Quirks and Quarks

A lake of water was found on Mars — and may be the first of many

'We think we have some evidence that there might be more.'

'We think we have some evidence that there might be more,' says research scientist Roberto Orosei

A view of the southern polar plain of Mars, with the Mars Express’s color-coded findings superimposed at the site where underground liquid water was detected. (USGS Astrogeology Science Center, Arizona State University, INAF)

This past summer, Italian scientists stunned the science world when they announced they'd discovered a body of liquid water at the base of Mars's south polar ice cap. It was a hard-fought discovery made after 10 years of failed attempts with many emotional ups and downs.

How they looked for the underground lake

The discovery was made using the MARSIS radar instrument aboard the Mars Express orbiter. The radar penetrates the Martian surface and is reflected back to the spacecraft when it encounters liquid water.

Dr. Roberto Orosei, a research scientist at the Italian National Institute for Astrophysics, says the highly reflective radar signature they observed is a telltale sign of liquid water.

The publication of their findings was "a moment of immense relief" to Orosei.

"Seeing for the first time the data displayed on the screen showing, obviously, what we have been looking for, for years? Well, it's hard to describe that. It was really like getting rid of a big weight on your shoulders," he said.

The Mars Express was the European Space Agency’s first spacecraft to visit another planet in the solar system. (ESA - Illustration by Medialab)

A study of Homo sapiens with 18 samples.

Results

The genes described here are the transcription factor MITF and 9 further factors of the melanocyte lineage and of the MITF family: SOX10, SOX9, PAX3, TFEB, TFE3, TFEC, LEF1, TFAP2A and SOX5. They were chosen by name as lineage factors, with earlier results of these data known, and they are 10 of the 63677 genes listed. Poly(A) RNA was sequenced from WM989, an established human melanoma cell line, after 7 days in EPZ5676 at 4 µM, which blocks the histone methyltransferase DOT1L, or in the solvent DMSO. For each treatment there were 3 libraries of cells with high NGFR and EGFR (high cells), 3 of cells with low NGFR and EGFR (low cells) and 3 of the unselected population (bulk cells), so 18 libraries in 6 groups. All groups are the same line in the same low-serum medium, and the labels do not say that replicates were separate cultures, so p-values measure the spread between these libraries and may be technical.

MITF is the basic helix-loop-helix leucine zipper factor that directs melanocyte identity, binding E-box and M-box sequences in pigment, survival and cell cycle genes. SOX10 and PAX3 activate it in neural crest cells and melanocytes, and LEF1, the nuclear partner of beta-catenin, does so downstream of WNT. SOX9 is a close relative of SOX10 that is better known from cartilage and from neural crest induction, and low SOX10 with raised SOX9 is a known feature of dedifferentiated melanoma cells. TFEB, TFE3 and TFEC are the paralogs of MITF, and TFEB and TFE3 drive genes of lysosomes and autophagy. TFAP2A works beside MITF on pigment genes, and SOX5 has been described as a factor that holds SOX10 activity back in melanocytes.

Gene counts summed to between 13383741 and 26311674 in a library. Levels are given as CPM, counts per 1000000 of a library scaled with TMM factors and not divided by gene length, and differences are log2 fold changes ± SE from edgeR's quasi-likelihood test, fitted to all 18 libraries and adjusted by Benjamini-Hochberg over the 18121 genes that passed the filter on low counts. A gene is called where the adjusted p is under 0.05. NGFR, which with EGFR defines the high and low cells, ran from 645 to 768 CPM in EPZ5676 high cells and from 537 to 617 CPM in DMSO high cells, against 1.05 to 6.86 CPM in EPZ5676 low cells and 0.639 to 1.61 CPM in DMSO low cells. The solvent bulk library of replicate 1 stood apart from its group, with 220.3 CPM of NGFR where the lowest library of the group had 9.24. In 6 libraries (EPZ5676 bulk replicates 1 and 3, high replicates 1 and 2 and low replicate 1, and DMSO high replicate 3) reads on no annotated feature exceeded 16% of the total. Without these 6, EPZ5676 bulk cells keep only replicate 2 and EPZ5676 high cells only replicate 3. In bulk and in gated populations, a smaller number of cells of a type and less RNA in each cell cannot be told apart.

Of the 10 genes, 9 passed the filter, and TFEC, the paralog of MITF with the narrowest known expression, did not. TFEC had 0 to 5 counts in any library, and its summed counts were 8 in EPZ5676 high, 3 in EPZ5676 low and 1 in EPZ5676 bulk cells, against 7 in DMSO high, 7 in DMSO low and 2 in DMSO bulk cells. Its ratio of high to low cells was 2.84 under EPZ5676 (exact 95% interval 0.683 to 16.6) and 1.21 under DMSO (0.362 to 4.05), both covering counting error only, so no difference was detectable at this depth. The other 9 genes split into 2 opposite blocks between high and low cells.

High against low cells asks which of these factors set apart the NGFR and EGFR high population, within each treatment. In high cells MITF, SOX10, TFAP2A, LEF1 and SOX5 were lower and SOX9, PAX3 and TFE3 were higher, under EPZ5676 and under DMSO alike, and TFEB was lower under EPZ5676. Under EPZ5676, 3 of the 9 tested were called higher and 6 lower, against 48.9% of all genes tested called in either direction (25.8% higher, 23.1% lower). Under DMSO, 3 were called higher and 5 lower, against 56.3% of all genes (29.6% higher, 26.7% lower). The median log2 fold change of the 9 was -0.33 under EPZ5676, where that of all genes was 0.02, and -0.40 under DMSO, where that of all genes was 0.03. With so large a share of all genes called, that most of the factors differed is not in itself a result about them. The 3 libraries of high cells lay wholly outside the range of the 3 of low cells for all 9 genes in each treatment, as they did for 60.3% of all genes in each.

Pitfalls, disappointments, and delays

Orosei's journey to the discovery was not an easy one. It started with a false positive detection that was actually carbon dioxide ice.

Later, they were getting puzzling and inconsistent results, which turned out to be due to the onboard MARSIS instrument only giving them partial information. They fixed that problem by taking over a memory chip on the spacecraft Mars Express to store the raw data before processing it.

Once those issues were resolved, the team was only able to get a few measurements before Mars's orbit took the spacecraft too far away from the areas of interest for another three years.

There are microorganisms on Earth that can survive in similar environments. And in fact, some of them can even use those salts for their metabolism.- Dr. Roberto Orosei, Italian National Institute for Astrophysics

After years of difficulties and false positives, the team suffered a significant human toll.

"Probably the lowest point was the fact that our principal investigator, our team leader, died after a long disease in 2015 — just months away from completing our data acquisition," added Orosei.

Where there's liquid water, could there be life?

The underground lake, at the base of Mars's south pole, is about 20 kilometres wide and at least one metre thick as that's the minimum that'd be required for the MARSIS instrument to even detect the lake.

According to Orosei, any liquid water that far underneath the planet's surface is probably very salty, since it would be totally frozen otherwise.

"Well certainly, it's not a place where one would go to vacation, but there are microorganisms on Earth that can survive in similar environments," he said. "And in fact, some of them can even use those salts for their metabolism."

The European Space Agency's Mars Express has used radar signals bounced through underground layers of ice to identify a lake of liquid water buried below the surface. (ESA/NASA/JPL/ASI/Univ. Rome)

Orosei says he and his team are continuing to look for more signs of water in elsewhere underneath the surface of Mars.

"We think we have some evidence that there might be more, but this is a bit early to draw conclusions."